Hemp is one town’s way out of a uranium mining past

A former mining region embraces a trade with a ‘hippie’ reputation.

 

Richard Linnett is a contributor to Writers on the Range, the opinion service of High Country News. He is a writer who lives in Naturita and commutes to work in California.


When locals in western Colorado’s old uranium mining towns of Naturita and Nucla get word that a journalist is coming to town, they reach for their guns. Not to shoot the “fake news” media. No, they dust off their firearms as props for photo ops. Ever since Nucla passed a law in 2013 requiring every household to own a gun, the story has drawn the press like flies on roadkill.

This area was once a uranium mining and milling hub for the Atomic Energy Commission’s Manhattan Project, and later for nuclear power. As cheaper sources of the ore emerged, the industry tanked. There was a brief jolt of optimism in 2007, when Energy Fuels announced plans to build a new uranium mill in Paradox Valley, just down the road from Nucla and Naturita, but depressed uranium prices and opposition soon scuttled that project. 

To outsiders, what’s called the West End of Montrose County has long been a poster child for white poverty and ignorance, a hotbed of hardcore, uranium-clinging yahoos. It was the subject of a patronizing documentary, Uranium Drive-In, and recently was featured in a bleak article in The Guardian, with photos that look like full-color versions of Walker Evans’ famous casualties of the Great Depression.

“Same old story,” says my neighbor, Dianna Reams, a local business and community booster whose family goes back generations. When she was interviewed by the Guardian, the reporter asked to bring out her gun for a photo op. “It’s predictable,” she said. “They think we’re a bunch of hillbillies living in a kill zone, and they’re smarter than we are.”

Burgeoning hemp industries in small towns can offer a way to diversify their economies often reliant on extractive industries.
UK College of Agriculture, Food and Environment/Flickr

Fortunately, a new story has come to town. It’s still badass, in keeping with our popular image. And that’s weed — cannabis, or more precisely, hemp. Thanks to new legislation and good growing conditions (lots of sun and water and dirt), the region has become a magnet for hemp farming. More recently, processing has also begun, in a startup based in Nucla’s old elementary schoolhouse. The facility is run by Paradox Ventures, which is owned by Republican state Sen. Don Coram.

Historically a conservative mining region, the West End has enthusiastically embraced a trade usually associated with illegal grows and “hippies.” Yet everyone here, from miners to cattle ranchers, seems to be trying to get a piece of the action, much the way Coram is. His partners, Reams Construction and its subsidiary, Tomcat Mining, all sponsor the nonprofit West End Economic Development Corporation, which works to promote the hemp economy. This summer, Paradox Ventures planted a hemp field on some of Reams' property next door to my house. A small team of farmers sprayed the crop by hand with natural pesticide, walking the crop rows wearing wide-brimmed hats in the sun. They looked like Vietnamese rice farmers.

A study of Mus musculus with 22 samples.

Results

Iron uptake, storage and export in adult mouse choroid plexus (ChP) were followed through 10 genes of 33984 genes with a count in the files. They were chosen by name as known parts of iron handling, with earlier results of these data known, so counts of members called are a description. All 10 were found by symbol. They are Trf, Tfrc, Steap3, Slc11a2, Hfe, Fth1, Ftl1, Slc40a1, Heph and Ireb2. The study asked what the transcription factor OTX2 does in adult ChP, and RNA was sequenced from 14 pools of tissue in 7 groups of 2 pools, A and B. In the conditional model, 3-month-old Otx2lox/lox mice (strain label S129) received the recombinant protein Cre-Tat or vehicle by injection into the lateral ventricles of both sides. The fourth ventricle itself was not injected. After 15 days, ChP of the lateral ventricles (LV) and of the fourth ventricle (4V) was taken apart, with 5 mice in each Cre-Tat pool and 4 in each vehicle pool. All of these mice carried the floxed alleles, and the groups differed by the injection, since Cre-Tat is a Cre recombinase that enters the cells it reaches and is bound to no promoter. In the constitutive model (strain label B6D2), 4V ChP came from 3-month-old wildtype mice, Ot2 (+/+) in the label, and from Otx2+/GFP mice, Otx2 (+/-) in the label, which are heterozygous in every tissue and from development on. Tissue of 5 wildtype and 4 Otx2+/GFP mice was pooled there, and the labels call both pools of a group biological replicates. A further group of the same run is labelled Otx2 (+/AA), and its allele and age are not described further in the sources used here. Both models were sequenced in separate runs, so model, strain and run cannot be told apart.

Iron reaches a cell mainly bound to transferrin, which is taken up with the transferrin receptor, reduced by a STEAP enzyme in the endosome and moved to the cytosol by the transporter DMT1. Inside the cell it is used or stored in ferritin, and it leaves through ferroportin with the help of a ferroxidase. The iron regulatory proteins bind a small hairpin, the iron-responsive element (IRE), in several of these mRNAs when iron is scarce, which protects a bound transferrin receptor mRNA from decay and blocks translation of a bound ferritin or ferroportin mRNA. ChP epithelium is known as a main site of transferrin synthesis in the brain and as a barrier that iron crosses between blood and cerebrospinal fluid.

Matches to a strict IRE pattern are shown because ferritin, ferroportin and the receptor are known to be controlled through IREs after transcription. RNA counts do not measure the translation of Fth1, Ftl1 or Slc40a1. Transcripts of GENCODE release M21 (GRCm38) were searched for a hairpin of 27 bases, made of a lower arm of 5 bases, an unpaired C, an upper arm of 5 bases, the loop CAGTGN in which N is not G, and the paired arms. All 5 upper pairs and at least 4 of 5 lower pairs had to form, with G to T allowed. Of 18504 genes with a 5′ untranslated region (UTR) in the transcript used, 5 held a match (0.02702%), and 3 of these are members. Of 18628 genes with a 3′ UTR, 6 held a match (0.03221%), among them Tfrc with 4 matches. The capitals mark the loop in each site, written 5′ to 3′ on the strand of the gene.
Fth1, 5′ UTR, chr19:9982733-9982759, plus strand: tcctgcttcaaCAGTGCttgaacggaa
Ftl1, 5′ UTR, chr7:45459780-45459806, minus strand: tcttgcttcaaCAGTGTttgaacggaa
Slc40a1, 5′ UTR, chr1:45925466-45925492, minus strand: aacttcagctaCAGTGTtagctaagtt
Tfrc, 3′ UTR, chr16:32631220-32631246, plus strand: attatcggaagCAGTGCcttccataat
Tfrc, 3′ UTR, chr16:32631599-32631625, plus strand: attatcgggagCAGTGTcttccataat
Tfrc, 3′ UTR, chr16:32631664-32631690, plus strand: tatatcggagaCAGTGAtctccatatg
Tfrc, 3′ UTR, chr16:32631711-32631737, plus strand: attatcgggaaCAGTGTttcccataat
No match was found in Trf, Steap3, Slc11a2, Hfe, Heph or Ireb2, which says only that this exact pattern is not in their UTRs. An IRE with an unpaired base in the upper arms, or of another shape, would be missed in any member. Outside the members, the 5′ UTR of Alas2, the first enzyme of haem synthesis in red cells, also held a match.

Now, you can feel a growing sense of optimism in the area, despite some continuing challenges. This time, in contrast to the uranium boom, the hope is not based on a single industry. Telemarketing and recreation projects are also in the works, along with hemp farming. 

Hemp farmer Buck Chavez, working for Paradox Ventures, pulls down locally grown, dried hemp plants to be processed in the gymnasium of the old Nucla schoolhouse.
Andy Cross/The Denver Post

“It’s the first thing that’s attracting our young people,” said Deanna Sheriff, the economic recovery coordinator for the West End Economic Development Corporation. “For whatever reason, we can hold onto our young people who have been leaving, and get them into agriculture — get them to grow hemp. There’s been nothing else here to attract their attention.”

Uranium still may return, but it will never dominate the region the way it once did. There’s far too much of it available in other places around the world. Vanadium, which also occurs in the region within uranium deposits, holds promise as an alternative to lithium batteries for large-scale energy storage. But at the moment, the story here is hemp, and it’s spreading across the West, especially where mining has died and fertile fields remain. In fact, the development corporation is collaborating with a consortium of hemp growers in other counties outside Montrose, such as neighboring Delta and Mesa, to smooth the path for people to enter into the industry and help them distribute their products.

“The hemp deal is the wild, wild West,” said Sheriff. “Everybody’s looking at it as a great new way to make some money, and that’s not the case. It’s still a very fragile industry. But it’s the first thing that’s come along that’s really positive in a long time. So, I’m looking at it cautiously, with optimism, and also realizing that it’s got about five more years of development.”

So now when the press comes to town, as the Denver Post did recently, filing a positive story for once, we no longer draw our pistols. Instead, we reach for our hemp oils and cannabis dog treats.